After a price cut and bankruptcy rumblings aplenty, real estate investor Leonard Ross’ silver screen-worthy 1011 N Beverly Drive is back on the market, for a sizable $125 million.
Otherwise known as the Beverly House for its location in, you guessed it, Beverly Hills, the estate is on 3.5 acres of private land, with an 18-bed, 25-bath home built by architect Gordon Kaufmann of Hoover Dam fame. Its design channels a mix of influences, pairing a Versailles-esque sense of grandeur replete with a spectacular pool, fountains, manicured gardens and statues alongside a Spanish colonial façade.
Inside the 50,000-square-foot digs, standout spaces include the two-story library with hand-carved woodwork on the balconies and walls, a billiard room with herringbone floors and an antique fireplace and an Art Deco-style lounge—Ross implemented the latter when he assumed ownership of the property, modeling it after the now-defunct Touch, a Beverly Hills club that was backed by Hugh Hefner.
You’ll also have the caché of saying you live in a spot where The Godfather was filmed. One of the movie’s most infamous scenes, when Jack Woltz wakes up to find a severed horse head beside him in bed, was allegedly shot on the premises, though Ross himself contests this claim. Scenes from the 1992 film The Bodyguard also took place at the Beverly House.
Additional perks include a spa, two screening rooms for movie night and a grand upstairs hallway that’s 102 feet long and showcases a 40-foot-wide mural by artist Dennis Abbe. Outside there’s a tennis court, as well as sprawling terraces—altogether, there’s enough room on these spaces for a seated dinner of 400 guests.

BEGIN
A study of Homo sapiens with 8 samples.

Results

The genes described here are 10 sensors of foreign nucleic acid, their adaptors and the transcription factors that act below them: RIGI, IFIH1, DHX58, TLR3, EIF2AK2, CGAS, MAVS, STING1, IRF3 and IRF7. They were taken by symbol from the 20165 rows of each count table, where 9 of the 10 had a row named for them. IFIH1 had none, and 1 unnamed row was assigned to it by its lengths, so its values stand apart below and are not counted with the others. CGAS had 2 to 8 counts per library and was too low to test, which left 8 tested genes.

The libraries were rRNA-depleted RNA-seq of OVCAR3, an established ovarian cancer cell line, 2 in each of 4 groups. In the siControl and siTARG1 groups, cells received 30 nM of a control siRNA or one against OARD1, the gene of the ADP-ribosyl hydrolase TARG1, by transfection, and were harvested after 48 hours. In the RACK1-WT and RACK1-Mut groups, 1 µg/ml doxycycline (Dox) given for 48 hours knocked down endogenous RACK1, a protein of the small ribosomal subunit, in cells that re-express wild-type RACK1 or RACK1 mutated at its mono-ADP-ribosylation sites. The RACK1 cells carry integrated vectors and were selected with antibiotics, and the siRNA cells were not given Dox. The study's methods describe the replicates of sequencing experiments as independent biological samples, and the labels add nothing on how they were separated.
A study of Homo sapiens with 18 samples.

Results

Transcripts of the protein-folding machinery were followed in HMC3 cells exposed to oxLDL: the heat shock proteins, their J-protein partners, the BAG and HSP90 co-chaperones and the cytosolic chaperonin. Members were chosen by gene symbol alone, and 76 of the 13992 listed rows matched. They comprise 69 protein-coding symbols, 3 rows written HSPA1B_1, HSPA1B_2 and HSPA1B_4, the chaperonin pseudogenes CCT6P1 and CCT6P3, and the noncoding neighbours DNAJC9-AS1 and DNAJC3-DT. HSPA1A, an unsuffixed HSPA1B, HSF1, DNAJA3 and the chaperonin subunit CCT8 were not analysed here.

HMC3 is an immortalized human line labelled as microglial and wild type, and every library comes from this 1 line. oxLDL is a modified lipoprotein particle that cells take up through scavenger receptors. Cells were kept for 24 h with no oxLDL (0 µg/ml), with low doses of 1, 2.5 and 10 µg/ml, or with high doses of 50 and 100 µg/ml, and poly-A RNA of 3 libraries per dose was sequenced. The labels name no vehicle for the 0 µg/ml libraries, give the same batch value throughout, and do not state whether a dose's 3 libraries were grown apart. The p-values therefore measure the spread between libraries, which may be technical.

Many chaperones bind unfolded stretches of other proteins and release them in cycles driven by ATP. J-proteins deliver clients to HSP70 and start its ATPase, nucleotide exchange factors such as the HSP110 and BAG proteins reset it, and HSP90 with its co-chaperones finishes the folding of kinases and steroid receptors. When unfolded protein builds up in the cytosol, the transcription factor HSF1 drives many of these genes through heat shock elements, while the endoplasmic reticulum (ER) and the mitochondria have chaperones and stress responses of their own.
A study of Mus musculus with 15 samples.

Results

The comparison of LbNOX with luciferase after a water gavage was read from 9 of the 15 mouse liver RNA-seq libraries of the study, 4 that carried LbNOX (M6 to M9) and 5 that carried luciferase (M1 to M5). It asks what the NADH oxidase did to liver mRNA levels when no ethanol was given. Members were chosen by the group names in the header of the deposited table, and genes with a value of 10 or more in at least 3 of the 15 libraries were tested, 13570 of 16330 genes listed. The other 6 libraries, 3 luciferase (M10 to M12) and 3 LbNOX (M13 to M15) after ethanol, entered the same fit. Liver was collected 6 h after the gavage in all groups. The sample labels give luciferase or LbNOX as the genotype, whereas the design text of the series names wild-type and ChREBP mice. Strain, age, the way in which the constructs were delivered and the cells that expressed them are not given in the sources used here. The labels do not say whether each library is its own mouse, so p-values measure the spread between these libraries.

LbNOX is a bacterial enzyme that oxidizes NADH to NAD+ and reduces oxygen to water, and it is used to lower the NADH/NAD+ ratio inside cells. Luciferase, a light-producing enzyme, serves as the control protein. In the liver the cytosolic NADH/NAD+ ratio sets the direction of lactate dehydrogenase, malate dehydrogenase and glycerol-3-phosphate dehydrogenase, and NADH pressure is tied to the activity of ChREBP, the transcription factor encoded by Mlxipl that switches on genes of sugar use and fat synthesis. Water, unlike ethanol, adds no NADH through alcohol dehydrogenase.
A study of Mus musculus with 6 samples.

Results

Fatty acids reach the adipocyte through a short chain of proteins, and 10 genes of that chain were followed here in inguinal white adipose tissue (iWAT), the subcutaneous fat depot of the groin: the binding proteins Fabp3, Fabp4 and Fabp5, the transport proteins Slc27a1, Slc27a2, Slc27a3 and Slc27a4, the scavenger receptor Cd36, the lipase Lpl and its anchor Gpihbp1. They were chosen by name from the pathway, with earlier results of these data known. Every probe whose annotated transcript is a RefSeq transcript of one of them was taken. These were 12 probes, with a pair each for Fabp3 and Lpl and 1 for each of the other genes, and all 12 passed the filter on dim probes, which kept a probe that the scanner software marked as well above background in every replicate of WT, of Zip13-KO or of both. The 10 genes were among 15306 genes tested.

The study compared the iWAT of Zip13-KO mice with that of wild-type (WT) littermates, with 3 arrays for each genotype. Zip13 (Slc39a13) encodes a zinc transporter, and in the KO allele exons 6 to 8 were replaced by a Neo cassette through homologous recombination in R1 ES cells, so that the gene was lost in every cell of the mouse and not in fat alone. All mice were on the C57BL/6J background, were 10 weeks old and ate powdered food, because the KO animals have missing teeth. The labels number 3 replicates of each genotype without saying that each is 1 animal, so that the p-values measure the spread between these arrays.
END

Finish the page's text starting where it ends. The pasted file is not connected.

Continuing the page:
Not surprisingly, the over-the-top estate has a significant star-studded pedigree. Before it fell into Ross’ hands, William Randolph Hearst and Marion Davies called it home. The duo’s highly publicized romance even made its way into Citizen Kane, a film in which Hearst is commonly thought to be the inspiration for the titular character, with Davies serving as muse for the love interest, Susan Alexander. President John F. Kennedy and First Lady Jackie Kennedy were also fans and former residents of the Beverly Home—the two spent their honeymoon there, and JFK later used it as his West Coast election headquarters.
And you’ll be doing Ross a solid by taking it off his hands. The financier is in millions of debt, according to The Real Deal, and has until May to sell the place as cash collateral and crawl his way out of it. Recent sales of Spelling Manor for $120 million and Chartwell Estate for $150 million bode well in this regard, although an overall soft marketplace will still make it a hard sell—even for digs as grand as these.
In other words, your offer might be one that Ross can’t (really) refuse.